October 22, 2002|Jean O. Pasco | Times Staff Writer

When it comes to replacing antiquated punch-balloting systems, improving voter turnout and fuller disclosure of campaign financing, all seven candidates for secretary of state agree.

In a debate before a sparse crowd at Cal State Fullerton, the candidates expressed surprise last week to find themselves on the same side of several issues related to voter registration and elections.

Five candidates also said at Friday's forum that they support Proposition 52 on the Nov. 5 ballot, which would allow voters to register up to the day of the election. "We have a crisis in our democracy," said Assemblyman Kevin Shelley (D-San Francisco). He wrote several election-reform bills signed by Gov. Gray Davis, including one allowing people to apply to be permanent absentee voters.

Republican Keith Olberg, a former Assembly member, and Edward Noonan of the American Independent Party oppose Proposition 52. Olberg said he supports same-day voting in principle but not the ballot measure because it doesn't properly deal with potential voter fraud.

Shelley countered that other states have allowed same-day registration without a jump in fraud while simultaneously boosting turnout.

Other candidates backing Proposition 52 are Louise Marie Allison of the Natural Law Party, Libertarian Gail K. Lightfoot, Valli Sharpe-Geisler of the Reform Party and Larry Shoup of the Green Party. All seven candidates also applauded plans for electronic voting to replace punch-card ballots by 2004, provided that there is a "paper trail" backup. Several also were open to the idea of Internet voting.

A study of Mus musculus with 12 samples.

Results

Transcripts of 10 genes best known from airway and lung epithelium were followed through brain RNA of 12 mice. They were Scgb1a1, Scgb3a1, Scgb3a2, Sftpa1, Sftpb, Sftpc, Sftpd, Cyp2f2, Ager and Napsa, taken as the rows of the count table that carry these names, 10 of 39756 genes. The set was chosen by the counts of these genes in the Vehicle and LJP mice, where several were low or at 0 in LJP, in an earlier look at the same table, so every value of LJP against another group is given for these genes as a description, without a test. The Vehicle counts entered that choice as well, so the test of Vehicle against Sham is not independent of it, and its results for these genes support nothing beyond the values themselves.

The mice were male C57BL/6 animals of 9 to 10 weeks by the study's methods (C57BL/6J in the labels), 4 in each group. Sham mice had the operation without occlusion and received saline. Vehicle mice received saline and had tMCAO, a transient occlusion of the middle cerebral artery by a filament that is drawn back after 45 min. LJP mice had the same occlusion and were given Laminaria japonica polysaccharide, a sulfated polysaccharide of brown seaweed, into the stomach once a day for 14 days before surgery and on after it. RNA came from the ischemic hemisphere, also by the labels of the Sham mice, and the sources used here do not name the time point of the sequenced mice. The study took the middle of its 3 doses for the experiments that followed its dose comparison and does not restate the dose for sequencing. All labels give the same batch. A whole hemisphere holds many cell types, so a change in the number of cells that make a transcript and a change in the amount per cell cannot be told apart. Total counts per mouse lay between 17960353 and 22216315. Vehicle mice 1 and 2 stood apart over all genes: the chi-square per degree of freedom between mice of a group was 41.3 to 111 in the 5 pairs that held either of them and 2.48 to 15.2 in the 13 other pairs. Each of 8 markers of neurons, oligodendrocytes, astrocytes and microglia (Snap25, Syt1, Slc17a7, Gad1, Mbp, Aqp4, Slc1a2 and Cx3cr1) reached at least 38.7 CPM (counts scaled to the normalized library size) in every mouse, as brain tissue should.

Allison, the Natural Law candidate, suggested that Oregon's process of voting by mail was one way to improve participation in California, where only a quarter of registered voters cast ballots in March. Shoup, the Green candidate, supported "instant runoff" ballots, on which voters would rank their choices, with secondary votes counted in case one candidate failed to receive a majority.

Other candidates agreed that voting could occur over several days to give people more time to cast ballots.

Shelley said state money is available to improve voting systems through a measure he wrote that passed in March. Federal funds also have been authorized in a bill on its way to President Bush. The money should be spent not only on equipment but also on making sure poll workers are trained, Shelley said.

The candidates also agreed that little attention had been paid to their race and that, without much money, most have had few opportunities to get their message to voters. The exception is Shelley, the Assembly majority leader who has raised nearly $2 million and had $1.1 million left as of Sept. 30. Olberg has raised about $620,000 this year and has about that amount in cash on hand.